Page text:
A wood duck enjoying his bird box perch. Photo: Steve Gray
A wood duck enjoying his bird box perch. Photo: Steve Gray

UQ’s feathered friends are flocking to St Lucia and Pinjarra Hills thanks to the 60 new bird boxes recently installed at both University sites, adding to the boxes installed in St Lucia and Gatton campuses in 2015.

The latest round of installations is part of an ongoing collaboration between the Property and Facilities Division (P&F) and the Biodiversity Research Group, a UQ-based research team that investigates conservation science and ecology. The group is led by Associate Professor Salit Kark, an Australian Research Council (ARC) Future Fellow at UQ’s School of Biological Sciences and Chief Investigator of the ARC Centre of Excellence for Environmental Decisions and the National Environmental Science Programme’s Threatened Species Recovery Hub.

One of the Biodiversity Research Group’s current projects explores the interactions between native and invasive bird species in urban landscapes, identifying what factors allow species to become ‘urban exploiters’, which are highly successful in human-modified (such as urban) environments.

The research team is particularly interested in cavity-nesting native birds, which use tree hollows to reproduce. Diminishing numbers of large, old trees in built-up areas means that native birds, mammals, reptiles and other species have fewer hollows in which to nest, roost and rest; they’re also forced to compete for space with invasive alien species, such as the Indian myna.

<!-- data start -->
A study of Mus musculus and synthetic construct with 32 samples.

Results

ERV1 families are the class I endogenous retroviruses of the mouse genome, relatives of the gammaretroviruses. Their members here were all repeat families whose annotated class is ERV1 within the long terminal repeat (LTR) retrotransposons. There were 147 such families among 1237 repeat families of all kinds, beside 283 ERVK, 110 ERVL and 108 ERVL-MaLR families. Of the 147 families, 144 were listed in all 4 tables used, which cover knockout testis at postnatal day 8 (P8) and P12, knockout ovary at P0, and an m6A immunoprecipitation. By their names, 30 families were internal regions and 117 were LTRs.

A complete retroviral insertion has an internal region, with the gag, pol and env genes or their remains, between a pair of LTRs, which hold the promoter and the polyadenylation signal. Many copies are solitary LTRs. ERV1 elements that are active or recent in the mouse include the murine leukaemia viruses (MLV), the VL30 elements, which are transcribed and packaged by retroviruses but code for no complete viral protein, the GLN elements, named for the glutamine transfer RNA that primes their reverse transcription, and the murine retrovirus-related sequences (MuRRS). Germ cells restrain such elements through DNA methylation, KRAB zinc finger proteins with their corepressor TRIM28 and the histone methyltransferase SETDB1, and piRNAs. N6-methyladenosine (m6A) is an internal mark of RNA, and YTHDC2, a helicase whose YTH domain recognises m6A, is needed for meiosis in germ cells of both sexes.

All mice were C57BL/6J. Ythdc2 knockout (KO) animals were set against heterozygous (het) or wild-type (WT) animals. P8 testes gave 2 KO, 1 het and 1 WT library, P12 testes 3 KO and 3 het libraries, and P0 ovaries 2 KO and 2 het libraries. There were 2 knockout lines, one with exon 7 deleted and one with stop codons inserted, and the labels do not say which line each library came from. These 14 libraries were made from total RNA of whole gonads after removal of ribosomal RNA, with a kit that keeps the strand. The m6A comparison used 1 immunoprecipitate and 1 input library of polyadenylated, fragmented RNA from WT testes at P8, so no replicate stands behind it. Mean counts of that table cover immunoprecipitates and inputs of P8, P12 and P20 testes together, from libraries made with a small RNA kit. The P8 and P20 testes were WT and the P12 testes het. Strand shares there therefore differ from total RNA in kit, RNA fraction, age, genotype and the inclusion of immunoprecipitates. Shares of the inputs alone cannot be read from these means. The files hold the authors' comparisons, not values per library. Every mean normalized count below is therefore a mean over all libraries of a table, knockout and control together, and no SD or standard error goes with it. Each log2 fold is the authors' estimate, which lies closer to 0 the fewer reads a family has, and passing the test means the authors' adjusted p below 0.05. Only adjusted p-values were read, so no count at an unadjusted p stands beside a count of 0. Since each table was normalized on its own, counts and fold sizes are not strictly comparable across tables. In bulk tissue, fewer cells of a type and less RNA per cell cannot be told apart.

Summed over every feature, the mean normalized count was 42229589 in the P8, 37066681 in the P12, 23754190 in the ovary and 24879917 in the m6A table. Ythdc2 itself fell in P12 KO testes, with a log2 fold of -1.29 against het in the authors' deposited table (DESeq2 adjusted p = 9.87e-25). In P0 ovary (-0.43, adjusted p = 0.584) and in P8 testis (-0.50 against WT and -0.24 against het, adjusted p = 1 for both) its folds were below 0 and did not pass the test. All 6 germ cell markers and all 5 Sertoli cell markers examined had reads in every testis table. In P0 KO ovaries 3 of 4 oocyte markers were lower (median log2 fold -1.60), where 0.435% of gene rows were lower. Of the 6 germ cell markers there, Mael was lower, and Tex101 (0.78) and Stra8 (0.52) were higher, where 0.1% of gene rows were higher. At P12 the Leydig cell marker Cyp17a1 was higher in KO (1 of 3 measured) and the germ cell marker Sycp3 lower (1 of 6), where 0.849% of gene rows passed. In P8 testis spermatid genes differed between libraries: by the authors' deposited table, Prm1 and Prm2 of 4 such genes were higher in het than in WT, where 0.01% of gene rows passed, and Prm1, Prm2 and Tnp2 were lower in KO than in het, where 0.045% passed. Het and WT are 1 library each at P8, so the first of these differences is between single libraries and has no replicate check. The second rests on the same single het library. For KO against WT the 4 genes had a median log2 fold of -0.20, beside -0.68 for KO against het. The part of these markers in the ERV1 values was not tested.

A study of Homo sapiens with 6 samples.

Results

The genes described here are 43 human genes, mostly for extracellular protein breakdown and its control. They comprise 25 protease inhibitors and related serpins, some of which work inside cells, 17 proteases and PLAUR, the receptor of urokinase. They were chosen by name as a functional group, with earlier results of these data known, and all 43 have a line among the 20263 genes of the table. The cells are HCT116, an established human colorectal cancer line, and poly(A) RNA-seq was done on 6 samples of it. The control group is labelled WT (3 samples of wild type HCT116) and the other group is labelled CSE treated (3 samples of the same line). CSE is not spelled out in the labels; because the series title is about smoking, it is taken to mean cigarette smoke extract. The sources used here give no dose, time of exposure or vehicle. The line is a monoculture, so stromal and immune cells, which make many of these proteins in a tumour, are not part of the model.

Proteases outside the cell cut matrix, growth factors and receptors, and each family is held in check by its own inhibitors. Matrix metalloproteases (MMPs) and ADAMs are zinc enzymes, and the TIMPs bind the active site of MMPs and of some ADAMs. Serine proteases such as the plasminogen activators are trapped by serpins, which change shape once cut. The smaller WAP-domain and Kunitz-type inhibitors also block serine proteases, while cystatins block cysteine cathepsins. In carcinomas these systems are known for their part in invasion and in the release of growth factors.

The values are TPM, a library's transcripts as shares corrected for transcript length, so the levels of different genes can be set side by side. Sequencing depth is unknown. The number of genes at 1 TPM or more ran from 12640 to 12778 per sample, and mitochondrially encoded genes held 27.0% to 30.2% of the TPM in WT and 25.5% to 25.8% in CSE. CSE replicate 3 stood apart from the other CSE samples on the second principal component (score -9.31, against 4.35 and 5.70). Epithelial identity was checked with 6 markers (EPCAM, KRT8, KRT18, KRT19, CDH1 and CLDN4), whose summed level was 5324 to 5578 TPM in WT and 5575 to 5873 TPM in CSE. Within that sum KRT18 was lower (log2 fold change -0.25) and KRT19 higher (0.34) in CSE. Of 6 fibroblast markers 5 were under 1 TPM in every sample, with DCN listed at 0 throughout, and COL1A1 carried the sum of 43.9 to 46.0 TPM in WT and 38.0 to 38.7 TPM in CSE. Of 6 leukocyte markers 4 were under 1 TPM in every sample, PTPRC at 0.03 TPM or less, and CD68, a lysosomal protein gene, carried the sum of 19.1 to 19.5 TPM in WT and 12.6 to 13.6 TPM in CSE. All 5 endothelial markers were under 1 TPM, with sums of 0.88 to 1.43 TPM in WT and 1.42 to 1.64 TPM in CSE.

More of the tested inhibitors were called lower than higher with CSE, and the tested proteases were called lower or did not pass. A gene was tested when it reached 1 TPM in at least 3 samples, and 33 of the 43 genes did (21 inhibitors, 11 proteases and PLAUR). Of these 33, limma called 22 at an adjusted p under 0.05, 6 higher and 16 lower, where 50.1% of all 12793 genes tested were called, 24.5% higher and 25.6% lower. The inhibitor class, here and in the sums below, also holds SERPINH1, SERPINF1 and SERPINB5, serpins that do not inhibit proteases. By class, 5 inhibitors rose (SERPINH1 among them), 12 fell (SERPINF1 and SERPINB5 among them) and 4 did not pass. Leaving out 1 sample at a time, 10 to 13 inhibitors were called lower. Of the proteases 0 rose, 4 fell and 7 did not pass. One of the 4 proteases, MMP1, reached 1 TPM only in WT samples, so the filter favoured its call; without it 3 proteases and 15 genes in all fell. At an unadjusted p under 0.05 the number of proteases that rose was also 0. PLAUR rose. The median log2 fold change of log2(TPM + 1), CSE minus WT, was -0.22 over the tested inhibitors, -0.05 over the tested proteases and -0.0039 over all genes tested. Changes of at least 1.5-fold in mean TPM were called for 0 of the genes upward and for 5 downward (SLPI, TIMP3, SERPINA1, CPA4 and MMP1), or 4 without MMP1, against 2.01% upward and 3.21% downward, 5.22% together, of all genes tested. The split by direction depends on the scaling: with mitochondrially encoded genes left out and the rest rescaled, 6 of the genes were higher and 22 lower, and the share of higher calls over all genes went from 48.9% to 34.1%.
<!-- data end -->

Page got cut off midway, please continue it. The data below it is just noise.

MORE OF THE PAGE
An initial 48 bird boxes—which act as an effective substitute for tree hollows—were installed at St Lucia and Gatton in 2014–15 as part of Kark’s ARC Discovery Project, with funding and assistance from P&F.

Installing and monitoring bird boxes on campus provides valuable living laboratories and links biodiversity research with sustainability benefits. It’s also part of a broader move to improve biodiversity at UQ—related activities include planting trees that attract native birds at various University sites and properties.

The Biodiversity Research Group will continue to monitor the bird boxes across all sites as they progress their research, which is advancing our understanding of the traits required for certain bird species to thrive in an urban environment and the threats caused by invasive alien species. This will facilitate better planning and management of how to enhance biodiversity conservation in both urban and rural landscapes.